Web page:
APRIL 20, 2010
I assume at least some of you are pot smokers, so I hope you appreciate me suffering through Pot Zombies to coincide with its namesake “holiday”. I’ve never taken a puff in my life, and had to ask (not today, years ago) why 4-20 meant anything to marijuana enthusiasts, and of course I got the “it’s the police code” story, which is, as you hopefully know by now, not true. In fact, 4-20 doesn’t seem to have a sound origin; leave it to potheads to forget the meaning of their own holiday.
Anyway, even if you were blasted beyond belief, I can’t imagine liking this sorry excuse for a movie. Leonard Shelby himself would be appalled at the lack of a discernible narrative or any sort of connection from one scene to the next, and it’s not even an hour long (and if I had known that prior to viewing, I wouldn’t even have considered it for HMAD-ing; the box promises a 90 minute run time). There is no main character or even Pulp Fiction-esque tapestry to speak of; it’s just a bunch of scenes that all follow the same pattern: some folks meet up, talk, smoke, and then one of them turns into a zombie and eats the other. Lather, rinse, repeat. Even the fucking aspect ratio is inconsistent - the opening scene has a small matte on the top and bottom, which disappears once the overlong opening titles begin. I don’t think the target audience is reading who the composer is at all, so I’m not sure why they felt the need to leave each credit on screen for like 10 seconds. Maybe they were trying to pad it to a still-not-feature-length running time.
One scene actually amused me, however. A guy in an old VW is being chased by a “police car”, and he ultimately pulls over and tells this long, incoherent, fairly funny anecdote about chicken. Compared to everything else, it’s comic genius, and the guy playing the burnout gives it his all. Oh, if you’re wondering why I put “police car” in quotes, it’s because it’s actually just some Oldsmobile or something, with a digitally created/animated set of police lights placed over it. But the animator was also high, or just terrible at his job, as the lights don’t match the movement of the car in the slightest, so they just slide around, change scale at a different speed than the car, etc. It may be the most jaw-droppingly awful use of animated elements since the CGI vent in Doomed.
The effects guy also has a lot of trouble with the eyes on the zombies. You’d think they would at least try to make sure their zombies looked good, but no, the needless CGI green eyes shift often around even when the zombie’s head is still. Their bodies also turn green instantly, like they were the Hulk or something. More often than not, the zombie transformation seems to be the result of director Justin Powers getting bored with the scene and throwing green paint over one of the characters to move things along.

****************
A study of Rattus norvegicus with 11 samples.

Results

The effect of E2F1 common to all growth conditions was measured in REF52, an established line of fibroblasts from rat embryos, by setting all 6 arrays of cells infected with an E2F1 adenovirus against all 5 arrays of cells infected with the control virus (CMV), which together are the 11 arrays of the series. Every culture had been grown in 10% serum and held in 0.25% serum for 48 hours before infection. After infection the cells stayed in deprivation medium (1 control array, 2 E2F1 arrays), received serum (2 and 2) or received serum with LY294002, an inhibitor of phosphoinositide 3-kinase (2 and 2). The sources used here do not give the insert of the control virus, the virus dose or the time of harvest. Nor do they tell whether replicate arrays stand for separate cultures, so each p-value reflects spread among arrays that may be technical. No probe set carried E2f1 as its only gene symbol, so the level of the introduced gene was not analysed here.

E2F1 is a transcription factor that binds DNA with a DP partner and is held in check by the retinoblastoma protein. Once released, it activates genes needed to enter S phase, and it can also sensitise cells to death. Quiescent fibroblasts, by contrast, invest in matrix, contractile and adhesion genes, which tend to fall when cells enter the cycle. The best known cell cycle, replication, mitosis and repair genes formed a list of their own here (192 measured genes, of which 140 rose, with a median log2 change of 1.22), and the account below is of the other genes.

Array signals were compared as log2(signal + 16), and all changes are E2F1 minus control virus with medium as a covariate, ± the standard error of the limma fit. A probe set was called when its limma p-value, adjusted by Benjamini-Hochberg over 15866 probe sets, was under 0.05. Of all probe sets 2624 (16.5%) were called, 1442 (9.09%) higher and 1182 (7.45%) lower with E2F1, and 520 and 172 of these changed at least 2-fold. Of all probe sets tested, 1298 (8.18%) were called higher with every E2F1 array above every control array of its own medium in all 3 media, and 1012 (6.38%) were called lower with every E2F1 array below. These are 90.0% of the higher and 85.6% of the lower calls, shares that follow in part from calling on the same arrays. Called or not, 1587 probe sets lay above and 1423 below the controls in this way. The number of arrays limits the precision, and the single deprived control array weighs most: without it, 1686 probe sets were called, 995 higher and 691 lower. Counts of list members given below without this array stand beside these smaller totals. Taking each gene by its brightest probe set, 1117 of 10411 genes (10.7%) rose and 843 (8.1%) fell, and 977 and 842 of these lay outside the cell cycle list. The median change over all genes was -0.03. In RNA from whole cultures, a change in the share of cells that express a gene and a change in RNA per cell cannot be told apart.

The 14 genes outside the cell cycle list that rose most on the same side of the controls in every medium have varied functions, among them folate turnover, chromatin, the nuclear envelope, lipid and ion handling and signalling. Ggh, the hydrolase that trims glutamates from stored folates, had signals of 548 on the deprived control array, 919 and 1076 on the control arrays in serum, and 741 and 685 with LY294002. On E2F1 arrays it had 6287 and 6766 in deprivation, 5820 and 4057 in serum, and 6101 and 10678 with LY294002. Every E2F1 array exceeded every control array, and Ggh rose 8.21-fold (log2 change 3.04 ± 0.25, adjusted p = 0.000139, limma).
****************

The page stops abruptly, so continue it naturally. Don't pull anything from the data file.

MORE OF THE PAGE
The film is apparently the result of Troma’s “Make Your Own Damn Movie” program for young filmmakers. Since Troma opted not to include any information on this program, or any sort of commentary/making of about the film, I have to assume that said young filmmakers pitch movies to Troma and get 10k (the movie’s reported budget) to make it. Admittedly, the film has a certain Troma quality to it - boobs, tasteless gore, eye-rollingly bad humor, etc. And Lloyd Kaufman appears in two scenes as a retarded pizza delivery man, giving that added Troma feel. But, legitimate Troma productions also have narratives, fun cameos, and a shot of a blue car flipping over somewhere in New Jersey. Powers and his buddies can emulate it all they want, but it’s missing the basic charm and (negligible, to be fair) basic professionalism that makes actual Troma movies worth watching.
So what IS on the disc? A few music videos which I assume are for songs in the film, none of which I need to hear again, the film’s trailer, and a drinking/smoking game that will give you a prompt to either drink or smoke (or both!) at certain points in the movie. “Every time you are asked to suddenly care about new characters that you have no interest in, drink!” Lloyd also offers his usual intro, once again promising that we are going to see the director’s cut of the film (this must be a joke that I just don’t get - there couldn’t possibly be a SHORTER version of this goddamn movie, right?) and even that sucks compared to his others. Finally, a short film that the filmmakers made a few years before Pot Zombies is included, sans any sort of context. It’s actually not bad, a completely silent account of a date that ends in bloodshed, but it seems like they just included it to fill up space. Not that I really want to spend more time with Pot Zombies, but a little bit of backstory never hurt anyone, and like I’ve said before, I’m more forgiving to a film if the filmmakers offer up a legitimate defense. If they think this movie speaks for itself, well, I’m sorry to break it to you, but it’s a piece of shit. Hopefully future entries in this “series” fare better.
What say you?
P.S. Oddly enough, tomorrow night Lloyd will be at the New Beverly for a Toxic Avenger screening (which will be my HMAD for the day, as I’ve never seen the whole thing). Should I throw this disc at him while yelling “Take this back!”, or sell it for 10 cents to SecondSpin? Though it seems to be out of print, so maybe I will hold onto it, in case it's some sort of ironic collector's item.